At the beginning of this year I asked: Is the US economy going to enter a Boom in 2018?
To recap, there is no standard definition of a Boom. But in my lifetime there have been two occasions when the “good times” feeling was palpable, and the economy was working extremely well on a very broad basis: the 1960s and the late 1990s tech era. During both times, employment was rampant and average people felt that their situations were going well.
Back in January I identified five markers that, taken together, marked off the two eras as unique: the low unemployment rate, the duration of a very good rate of growth of industrial production, strong growth in real average and real aggregate hourly wages, and increasing inflation.
Let’s update all of these through midyear.
First, in both the 1960s and late 1990s, the unemployment rate (note that the U6 underemployment rate wasn’t reported in its current configuration until 1994, and so is not helpful), hit 4.5% or below for extended periods of time:
While these weren’t the only two periods of low unemployment, they are among those that stand out.
Needless to say, we’ve hit that marker.
Second, during both the 1960s and 1990s, production grew at or over 4% a year for extended periods of time, not just right after the end of a recession.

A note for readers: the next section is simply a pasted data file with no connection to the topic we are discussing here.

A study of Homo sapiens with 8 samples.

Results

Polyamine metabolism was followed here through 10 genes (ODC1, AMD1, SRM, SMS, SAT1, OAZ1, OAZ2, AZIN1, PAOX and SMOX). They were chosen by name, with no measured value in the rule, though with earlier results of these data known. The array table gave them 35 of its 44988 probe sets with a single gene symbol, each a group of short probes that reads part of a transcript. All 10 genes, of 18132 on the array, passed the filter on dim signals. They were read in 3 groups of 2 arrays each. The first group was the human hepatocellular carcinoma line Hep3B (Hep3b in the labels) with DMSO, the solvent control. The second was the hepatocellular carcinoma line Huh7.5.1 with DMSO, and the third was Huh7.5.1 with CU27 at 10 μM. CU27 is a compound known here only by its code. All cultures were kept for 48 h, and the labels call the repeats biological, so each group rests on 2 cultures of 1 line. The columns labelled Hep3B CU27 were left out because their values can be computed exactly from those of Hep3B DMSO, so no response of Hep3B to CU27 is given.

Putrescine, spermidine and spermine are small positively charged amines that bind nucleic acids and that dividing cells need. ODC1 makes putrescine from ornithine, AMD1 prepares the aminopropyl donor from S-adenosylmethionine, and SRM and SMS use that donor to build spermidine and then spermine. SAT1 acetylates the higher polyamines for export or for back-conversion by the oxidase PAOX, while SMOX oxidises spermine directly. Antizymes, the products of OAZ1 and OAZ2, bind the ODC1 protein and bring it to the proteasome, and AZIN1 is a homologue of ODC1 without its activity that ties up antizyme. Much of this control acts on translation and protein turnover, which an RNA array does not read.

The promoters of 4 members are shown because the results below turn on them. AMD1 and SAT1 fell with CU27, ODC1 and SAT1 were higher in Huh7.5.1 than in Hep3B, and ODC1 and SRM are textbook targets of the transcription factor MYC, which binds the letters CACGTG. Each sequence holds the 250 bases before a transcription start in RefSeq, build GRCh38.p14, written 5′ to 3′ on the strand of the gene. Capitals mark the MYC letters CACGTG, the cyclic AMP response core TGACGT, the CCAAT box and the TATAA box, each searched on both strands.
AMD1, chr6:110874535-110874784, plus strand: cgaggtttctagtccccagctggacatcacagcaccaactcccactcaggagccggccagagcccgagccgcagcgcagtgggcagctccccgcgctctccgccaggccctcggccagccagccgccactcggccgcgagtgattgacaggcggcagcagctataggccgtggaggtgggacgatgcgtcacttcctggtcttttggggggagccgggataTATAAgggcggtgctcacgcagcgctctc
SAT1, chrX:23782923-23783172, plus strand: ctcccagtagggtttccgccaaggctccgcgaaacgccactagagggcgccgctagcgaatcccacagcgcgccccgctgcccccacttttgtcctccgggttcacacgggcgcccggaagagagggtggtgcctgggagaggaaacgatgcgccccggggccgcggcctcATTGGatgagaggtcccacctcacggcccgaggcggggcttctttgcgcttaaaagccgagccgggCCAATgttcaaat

While the YoY% growth of industrial production has been accelerating this year (up to +3.8% in June), it has still not hit 4%.
The rate of growth of real average earnings for non-managerial employees, both individually and in the aggregate are the third and fourth markers of the two Booms. In contrast to other expansions, real average hourly earnings also grew at roughly 1% YoY or better:
Meanwhile, real aggregate earnings grew at a rate of 4% YoY or better:
Real average hourly earnings have not grown at all in the past year. Real aggregate earnings are growing at the tepid rate of 2.5%.
The fifth and final marker of a Boom — probably as the byproduct of the first four — is an increase in the YoY rate of inflation:
This has been occurring, although it is probably due more to the price of gas than to any wage pressures.
So far this year, only the first and last markers are present: low unemployment and an increasing YoY inflation rate. But industrial production is not growing as fast as during either of the two Booms, and real wage growth has continued to be lackluster to say the least.
In short, while the production side of US economy is doing pretty well, the consumer side of the economy remains tepid, and in particular wage growth is non-existent. As of midyear 2018, the US economy is not Booming.
Eddie – What’s your estimate for Q2 GDP?
He is not Ed. You gonna tell us 5%?
If Production is up, and from what you say about wages means demand domestically is not increasing, are exports making up the slack or does changes in reporting make corporate earnings deceptive –in other words, if a corporate balance sheet grows from non US demand, is it reflected in earnings calculated as US Growth?